Live and Historical EUR/AUD Rates
The following chart represents the value of the Euro against the Australian dollar (AUD), also known as the Aussie Dollar-how many Aussie Dollars can purchase one Euro. The Euro maintains a higher value than the Aussie Dollar, and AUD has tended to follow the direction of the American dollar more than the Euro. EUR/AUD is not considered a major pair.
The Euro came on the world scene in 1999 and since been adopted by 21 European countries (327 million people) as their currency. The Euro has gained the distinction of having the highest volume of economic value circulated in any world currency. After the US dollar, the Euro is the second largest reserve currency and the second most traded. The European Central Bank (ECB) in Frankfurt, which controls the Euro, has allowed the Euro to respond to the market with very little ECB influence. It remains to be seen whether Europe’s experiment with one currency will be successful. Exports have significant influence on the Euro, as do the Eurozone’s most important industries: services, agriculture, and tourism.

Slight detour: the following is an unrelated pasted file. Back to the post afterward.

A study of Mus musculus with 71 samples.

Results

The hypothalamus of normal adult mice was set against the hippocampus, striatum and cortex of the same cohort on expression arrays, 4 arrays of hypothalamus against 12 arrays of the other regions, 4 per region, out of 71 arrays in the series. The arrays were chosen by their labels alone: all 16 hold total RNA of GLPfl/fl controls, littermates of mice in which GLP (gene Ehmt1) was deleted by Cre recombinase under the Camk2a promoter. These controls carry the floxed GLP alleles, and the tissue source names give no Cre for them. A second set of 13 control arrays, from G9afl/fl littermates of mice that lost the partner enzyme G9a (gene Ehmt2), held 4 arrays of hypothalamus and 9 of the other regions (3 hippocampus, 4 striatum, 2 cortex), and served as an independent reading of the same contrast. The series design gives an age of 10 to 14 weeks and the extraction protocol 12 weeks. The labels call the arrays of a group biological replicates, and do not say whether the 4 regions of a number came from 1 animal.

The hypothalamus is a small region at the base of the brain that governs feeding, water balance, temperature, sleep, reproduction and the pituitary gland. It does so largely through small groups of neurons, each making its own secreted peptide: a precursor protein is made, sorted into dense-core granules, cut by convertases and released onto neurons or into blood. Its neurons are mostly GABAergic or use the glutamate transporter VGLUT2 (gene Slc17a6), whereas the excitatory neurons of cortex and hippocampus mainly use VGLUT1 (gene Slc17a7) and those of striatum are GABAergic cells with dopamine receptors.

The Australian Dollar
In 1966 the Australian pound became the Australian dollar, providing Aussies with a decimal currency. The new dollar kept a fixed exchange rate pegged to the British pound sterling until 1971. The Australian Dollar is one of the ten most popular currencies in foreign exchange because of the diversification it provides. Factors that contribute to the Aussie Dollar’s popularity are Australia’s economic and political stability, high interest rates, and general freedom from government control. The Reserve Bank of Australia (RBA) controls the Aussie. The Aussie exchange rate fluctuates with the price of Australia’s main exports: minerals and agricultural products, making it a commodity currency. The Aussie dollar also provides access to the Asian economies-Australia’s primary trading partners. The continual movement of prices of these exports has made the Aussie a very popular currency for trade.
The EUR/AUD pair is not considered a major trading pair, but it has grown in popularity since the introduction of the Euro in 2001. Major European banks chose Sydney as a place of business making the EUR/AUD trade increasingly popular. Naturally any factors that influence either economy affect the pair, as well as the differential between the interest rates of the ECB and the RBA. The general stability of both the Euro and the Aussie has not made the EUR/AUD popular for carry trades. The EUR/AUD is not considered a major pair because of its relatively low volume.